Chibok Girls And The Shame Of A Nation

On the night of April 14 2014, Boko Haram terrorists besieged Government Girls Secondary School in Chibok, a mainly christian village in the predominantly muslim Borno state in north-east Nigeria, and carted away 276 girls, aged between 16 and 18, who were preparing to write their senior school certificate examinations.
The news of their abduction broke in the morning, but Goodluck Jonathan, who was the president then failed to acknowledge the mass abduction of these teenage girls until May 1. There are still 219 of those girls missing to date after some of them escaped, and these fortunate girls even visited the presidential villa with their parents and teachers at the behest of Jonathan's garrulous, semi-illiterate wife, Patience, with the final minutes of their encounter resulting in the viral "diaris god o" (there is god) video below.

I was deeply saddened when the anguish and profound pain of the parents and relatives of the Chibok girls were trivialized during the run up to the 2015 presidential elections. President Buhari even promised to find the girls if he was elected; he made many other promises which Nigerians knew would be hard to keep, but in their eagerness to get rid of Jonathan and his "shepopotamus" spouse (the name given to Mrs Jonathan by Nigeria's Nobel laureate, Prof Wole Soyinka) Nigerians joined in trivializing this gravest of crimes against a nation's future. We forgot about the world's outrage at the Nigerian government's foot-dragging and lackadaisical demeanour to the Chibok abductions. We forgot about the viral #bringbackourgirls; some of the missing girls' parents died literally of broken hearts while the Nigerian Army, the Borno state government, and the Nigerian government twiddled their feckless fingers.

There have been rumours of the girls being forcibly converted to islam, married off for (bride) prices as little as $10 to members of the terrorist group, sold to neighbouring countries as sex slaves, and their use as suicide bombers. I have lost a sibling, and can at least begin to understand what the families of these missing girls are going through. They may never have closure and the Nigerian government should stop punishing them further by giving them any hope of finding their girls, and then doing nothing. I suggest they gather the remaining relatives and let them know that the chances of getting back these girls are nearly non-existent at best, and then find ways to give them some closure and get them to move on from this unnecessary and utterly torturous ordeal.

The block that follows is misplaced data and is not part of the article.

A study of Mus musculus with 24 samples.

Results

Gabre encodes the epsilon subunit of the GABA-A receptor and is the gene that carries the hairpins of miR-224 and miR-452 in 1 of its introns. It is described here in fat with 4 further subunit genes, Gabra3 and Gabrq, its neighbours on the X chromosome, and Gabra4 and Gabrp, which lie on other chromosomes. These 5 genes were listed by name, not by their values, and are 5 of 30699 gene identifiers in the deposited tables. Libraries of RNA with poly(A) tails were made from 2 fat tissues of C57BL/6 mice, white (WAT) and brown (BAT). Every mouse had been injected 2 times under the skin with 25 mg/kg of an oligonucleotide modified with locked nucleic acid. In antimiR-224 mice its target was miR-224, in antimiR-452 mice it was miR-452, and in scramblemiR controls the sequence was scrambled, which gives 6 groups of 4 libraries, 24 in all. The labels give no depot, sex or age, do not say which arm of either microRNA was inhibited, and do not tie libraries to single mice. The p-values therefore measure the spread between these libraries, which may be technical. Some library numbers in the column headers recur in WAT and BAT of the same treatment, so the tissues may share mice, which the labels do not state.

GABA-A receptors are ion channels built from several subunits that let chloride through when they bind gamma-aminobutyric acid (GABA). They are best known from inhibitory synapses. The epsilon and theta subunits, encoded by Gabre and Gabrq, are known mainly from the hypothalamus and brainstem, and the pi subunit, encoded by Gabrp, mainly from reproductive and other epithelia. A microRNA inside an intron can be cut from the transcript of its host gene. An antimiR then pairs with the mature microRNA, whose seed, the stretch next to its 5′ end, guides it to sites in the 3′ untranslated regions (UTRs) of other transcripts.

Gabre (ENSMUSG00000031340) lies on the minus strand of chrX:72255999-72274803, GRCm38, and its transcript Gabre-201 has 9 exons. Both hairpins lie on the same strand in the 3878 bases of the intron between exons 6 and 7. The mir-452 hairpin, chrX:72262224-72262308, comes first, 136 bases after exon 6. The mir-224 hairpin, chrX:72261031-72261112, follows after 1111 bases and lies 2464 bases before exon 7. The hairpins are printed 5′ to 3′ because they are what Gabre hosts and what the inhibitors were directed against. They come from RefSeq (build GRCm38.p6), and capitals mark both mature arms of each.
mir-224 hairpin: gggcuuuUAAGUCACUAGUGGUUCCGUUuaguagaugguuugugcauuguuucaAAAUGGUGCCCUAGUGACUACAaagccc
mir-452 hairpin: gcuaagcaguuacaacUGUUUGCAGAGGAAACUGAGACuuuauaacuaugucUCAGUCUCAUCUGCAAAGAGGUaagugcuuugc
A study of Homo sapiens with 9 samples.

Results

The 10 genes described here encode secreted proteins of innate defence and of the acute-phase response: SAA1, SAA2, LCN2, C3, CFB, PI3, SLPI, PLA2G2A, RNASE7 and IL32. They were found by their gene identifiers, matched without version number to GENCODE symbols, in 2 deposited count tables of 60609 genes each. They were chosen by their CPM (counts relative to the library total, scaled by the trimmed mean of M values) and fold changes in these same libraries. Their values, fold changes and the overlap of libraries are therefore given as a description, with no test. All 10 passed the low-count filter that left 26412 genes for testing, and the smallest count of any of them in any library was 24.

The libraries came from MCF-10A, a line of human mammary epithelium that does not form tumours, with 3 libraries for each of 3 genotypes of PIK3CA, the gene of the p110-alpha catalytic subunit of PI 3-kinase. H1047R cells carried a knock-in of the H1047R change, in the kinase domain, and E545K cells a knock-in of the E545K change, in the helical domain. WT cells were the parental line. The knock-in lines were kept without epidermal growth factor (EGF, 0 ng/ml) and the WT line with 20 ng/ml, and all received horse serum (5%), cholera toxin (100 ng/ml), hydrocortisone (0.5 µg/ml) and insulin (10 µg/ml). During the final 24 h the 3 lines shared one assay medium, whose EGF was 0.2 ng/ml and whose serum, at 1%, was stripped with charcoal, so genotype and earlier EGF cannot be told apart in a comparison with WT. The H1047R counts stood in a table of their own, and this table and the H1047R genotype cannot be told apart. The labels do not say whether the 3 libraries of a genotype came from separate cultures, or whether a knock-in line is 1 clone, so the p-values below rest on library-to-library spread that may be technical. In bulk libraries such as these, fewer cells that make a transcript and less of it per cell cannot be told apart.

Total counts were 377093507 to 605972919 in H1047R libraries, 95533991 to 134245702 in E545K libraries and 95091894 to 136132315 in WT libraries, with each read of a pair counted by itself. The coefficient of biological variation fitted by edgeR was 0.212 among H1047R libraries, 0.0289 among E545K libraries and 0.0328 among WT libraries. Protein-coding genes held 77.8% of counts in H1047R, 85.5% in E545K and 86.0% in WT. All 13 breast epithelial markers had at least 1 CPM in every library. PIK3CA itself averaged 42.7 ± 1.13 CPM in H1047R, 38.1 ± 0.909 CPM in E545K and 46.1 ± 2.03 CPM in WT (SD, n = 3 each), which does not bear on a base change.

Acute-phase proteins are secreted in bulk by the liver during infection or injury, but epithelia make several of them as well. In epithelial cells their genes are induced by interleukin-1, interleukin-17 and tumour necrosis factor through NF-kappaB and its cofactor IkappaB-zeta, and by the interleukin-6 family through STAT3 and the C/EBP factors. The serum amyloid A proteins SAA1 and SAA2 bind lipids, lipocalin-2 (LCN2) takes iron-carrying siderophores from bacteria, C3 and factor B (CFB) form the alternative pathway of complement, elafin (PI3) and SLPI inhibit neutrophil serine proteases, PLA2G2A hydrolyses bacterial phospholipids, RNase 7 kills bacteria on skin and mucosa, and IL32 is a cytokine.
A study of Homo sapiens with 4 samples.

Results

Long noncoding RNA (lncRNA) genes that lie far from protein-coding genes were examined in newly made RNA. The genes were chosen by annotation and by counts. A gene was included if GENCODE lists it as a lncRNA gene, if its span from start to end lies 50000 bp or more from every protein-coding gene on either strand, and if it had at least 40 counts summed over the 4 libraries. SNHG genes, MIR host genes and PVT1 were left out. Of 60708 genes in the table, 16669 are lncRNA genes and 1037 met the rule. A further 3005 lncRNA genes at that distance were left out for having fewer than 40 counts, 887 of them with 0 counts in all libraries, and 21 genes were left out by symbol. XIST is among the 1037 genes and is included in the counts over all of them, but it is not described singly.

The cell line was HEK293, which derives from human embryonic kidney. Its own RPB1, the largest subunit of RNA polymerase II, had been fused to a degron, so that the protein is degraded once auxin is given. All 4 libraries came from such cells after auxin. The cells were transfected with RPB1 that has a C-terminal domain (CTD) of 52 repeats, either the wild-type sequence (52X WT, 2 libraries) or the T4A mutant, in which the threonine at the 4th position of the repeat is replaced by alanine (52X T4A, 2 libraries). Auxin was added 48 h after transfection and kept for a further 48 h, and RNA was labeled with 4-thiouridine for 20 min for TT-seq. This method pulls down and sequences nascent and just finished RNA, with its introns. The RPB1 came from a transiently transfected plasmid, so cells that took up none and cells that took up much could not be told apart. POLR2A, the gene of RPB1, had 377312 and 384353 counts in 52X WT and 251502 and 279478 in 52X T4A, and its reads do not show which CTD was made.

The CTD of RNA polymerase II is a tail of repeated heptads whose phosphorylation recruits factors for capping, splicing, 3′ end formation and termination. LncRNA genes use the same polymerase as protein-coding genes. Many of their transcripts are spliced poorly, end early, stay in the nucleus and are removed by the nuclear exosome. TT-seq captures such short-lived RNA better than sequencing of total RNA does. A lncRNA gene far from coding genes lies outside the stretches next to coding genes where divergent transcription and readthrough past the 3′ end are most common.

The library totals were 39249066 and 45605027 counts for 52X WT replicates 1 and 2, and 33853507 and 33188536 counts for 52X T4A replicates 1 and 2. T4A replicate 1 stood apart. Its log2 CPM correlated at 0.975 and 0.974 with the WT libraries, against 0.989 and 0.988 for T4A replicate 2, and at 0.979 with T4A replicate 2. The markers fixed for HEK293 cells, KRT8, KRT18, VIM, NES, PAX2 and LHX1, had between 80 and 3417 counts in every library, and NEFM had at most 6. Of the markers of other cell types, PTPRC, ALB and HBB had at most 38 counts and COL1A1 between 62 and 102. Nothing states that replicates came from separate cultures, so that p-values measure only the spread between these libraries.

Nigeria's leaders have always reminded us that "the youths are the leaders of tomorrow", but it is clear from the way the whole Chibok girls fiasco turned out, that they have no regards for the youth, nor the future, of Nigeria. As long as they can steal as much of Nigeria's oil money as they can and stash them in foreign banks, the youths can go to hell. 

If president Buhari could be so insincere about such a sensitive matter, I wonder what else he has lied about. Nigerians should really read between the lines here, and wake up and smell the coffee. The Chibok girls are not planning their futures today because their country failed them. They are the victims of Nigeria's twin troubles: corruption and religion. I cannot even begin to imagine what their lives (for those who are still alive) are like right now. We need to lay this to rest once and for all. Any calls to intensify the search for the Chibok girls should henceforth be ignored. Let us accept the very, very high possibility that these girls are gone. It breaks my heart to say this again, as I have done before, but someone has to tell those very bitter truths.